07:53 GMT21 June 2021

    MOSCOW, November 10 (Sputnik) – The dollar was down against most Asian currencies Monday on weaker-than-expected US job market data after having hit a seven-year high Friday on the wave of Japan’s unprecedented monetary easing.

    In Tokyo trading today the dollar slid to 114.24 yen as compared to Friday’s record high of 115.39 yen, according to MarketWatch. The dollar weakened as the US non-farming sector added only 214,000 jobs in October, while experts had forecasted a growth of 231,000 to 233,000, which means the US Federal Reserve will not hurry to raise interest rates.

    The MSCI Emerging Markets Index added 1.2% after a six-day decline, according to Bloomberg data. Tokyo stocks retreated as Nikkei slumped 0.59%, which triggered traders to sell the dollar, who wanted to stop losses caused by the shares retreat. However, Japanese importers started buying the slightly depreciated dollar, contributing to the stabilization of the American currency.

    “There may be further fall-off, but I think firm buy orders are likely once the dollar falls to the upper half of ¥113,” an anonymous dealer at one of Japan’s commercial banks said as quoted by Marketwatch.

    Mainland China’s Shang Hai Composite Index rose 2.3% to its highest since November 2011, and Hong Kong’s Hang Seng increased by 0.8%, as on November 17 these financials hubs start trading 23.5 bn renminbi (yuan) daily, which is equivalent to $3.8 bn in international FX purchases. This is the first practical move made by Beijing toward the internationalization of China’s national currency, which could see a free-float regime implemented sometime in future.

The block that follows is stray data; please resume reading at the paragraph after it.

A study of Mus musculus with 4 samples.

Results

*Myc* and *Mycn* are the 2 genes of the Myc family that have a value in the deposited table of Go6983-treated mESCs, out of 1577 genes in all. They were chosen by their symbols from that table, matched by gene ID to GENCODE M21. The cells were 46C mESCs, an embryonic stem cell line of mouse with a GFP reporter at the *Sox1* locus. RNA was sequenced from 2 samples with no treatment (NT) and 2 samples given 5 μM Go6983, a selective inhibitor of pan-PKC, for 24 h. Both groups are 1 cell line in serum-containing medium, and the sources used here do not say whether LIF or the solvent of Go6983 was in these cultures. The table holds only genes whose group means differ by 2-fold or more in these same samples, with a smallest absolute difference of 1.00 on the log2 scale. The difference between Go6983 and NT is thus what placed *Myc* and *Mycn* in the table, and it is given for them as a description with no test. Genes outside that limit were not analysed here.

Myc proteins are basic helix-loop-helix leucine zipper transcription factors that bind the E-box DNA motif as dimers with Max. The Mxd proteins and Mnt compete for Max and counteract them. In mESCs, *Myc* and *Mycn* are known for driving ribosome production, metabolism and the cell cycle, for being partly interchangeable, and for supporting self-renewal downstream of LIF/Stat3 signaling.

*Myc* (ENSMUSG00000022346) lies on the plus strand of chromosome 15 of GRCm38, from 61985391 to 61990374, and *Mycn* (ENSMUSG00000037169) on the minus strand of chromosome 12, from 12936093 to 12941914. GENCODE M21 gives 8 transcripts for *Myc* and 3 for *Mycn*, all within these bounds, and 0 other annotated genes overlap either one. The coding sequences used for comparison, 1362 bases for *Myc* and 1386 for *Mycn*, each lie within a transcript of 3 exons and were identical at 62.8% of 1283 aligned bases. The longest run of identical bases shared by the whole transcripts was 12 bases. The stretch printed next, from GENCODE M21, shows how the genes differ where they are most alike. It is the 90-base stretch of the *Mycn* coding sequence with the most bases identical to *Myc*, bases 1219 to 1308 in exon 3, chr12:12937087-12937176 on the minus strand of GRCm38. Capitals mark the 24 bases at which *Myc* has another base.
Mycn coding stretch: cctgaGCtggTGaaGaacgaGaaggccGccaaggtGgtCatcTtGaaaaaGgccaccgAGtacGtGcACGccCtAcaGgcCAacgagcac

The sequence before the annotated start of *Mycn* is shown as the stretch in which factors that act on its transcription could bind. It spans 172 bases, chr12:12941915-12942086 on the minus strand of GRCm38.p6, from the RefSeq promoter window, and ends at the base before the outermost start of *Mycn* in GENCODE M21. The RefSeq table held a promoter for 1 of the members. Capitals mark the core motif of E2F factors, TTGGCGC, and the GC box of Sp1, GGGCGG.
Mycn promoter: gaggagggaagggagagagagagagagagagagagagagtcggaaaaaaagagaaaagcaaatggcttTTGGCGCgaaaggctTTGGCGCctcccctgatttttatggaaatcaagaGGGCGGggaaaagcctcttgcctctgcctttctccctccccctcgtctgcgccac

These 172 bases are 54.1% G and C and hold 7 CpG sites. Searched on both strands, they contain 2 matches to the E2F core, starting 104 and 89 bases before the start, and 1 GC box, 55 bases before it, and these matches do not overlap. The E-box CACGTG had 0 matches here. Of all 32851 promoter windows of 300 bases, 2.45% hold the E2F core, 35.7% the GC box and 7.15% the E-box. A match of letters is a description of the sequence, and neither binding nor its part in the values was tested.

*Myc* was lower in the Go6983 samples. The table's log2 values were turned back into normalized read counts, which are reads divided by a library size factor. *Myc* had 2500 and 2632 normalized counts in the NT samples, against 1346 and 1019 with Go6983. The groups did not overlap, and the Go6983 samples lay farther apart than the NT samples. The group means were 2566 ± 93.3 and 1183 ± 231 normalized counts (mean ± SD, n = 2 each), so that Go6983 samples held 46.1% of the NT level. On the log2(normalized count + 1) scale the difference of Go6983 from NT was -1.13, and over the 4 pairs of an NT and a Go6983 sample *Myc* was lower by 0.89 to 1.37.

Concurrently, China’s exports increased and imports shrank in October as evidenced by data obtained over the weekend. China’s inflation in October halted at 1.6%, well below the government’s target of 3.5%, which means the mainland is lacking growth factors and the economy is set to cool further.

    India’s rupee also gained against the dollar with the release of US unemployment data, which weakened the dollar on the domestic FX market. Lower oil prices, which India heavily imports, also helped ease pressure against the rupee.

    “Dollar weakness after the payroll data is getting reflected in Asian currencies, including the rupee,” Anish Vyas of Mumbai-based Angel Broking said as quoted by Bloomberg. “The rupee is also aided by the prospect of inflation coming down further on the back of easing crude prices.”

    The South Korean won also grew against the dollar due to US unemployment data, Yonhap reports. “The unexpected weakness in U.S. data triggered a correction in the greenback and the dollar-won rate,” Son Eun-jeong of Seoul-based Woori Futures said.

    The dollar would have been supported in case there was any indication that the Fed might hike interest rate sooner than mid-2015, as such information would bolster speculative demand for the currency. However, considering the rather calm situation in the markets, the dollar’s FX rate was only corrected locally by domestic factors.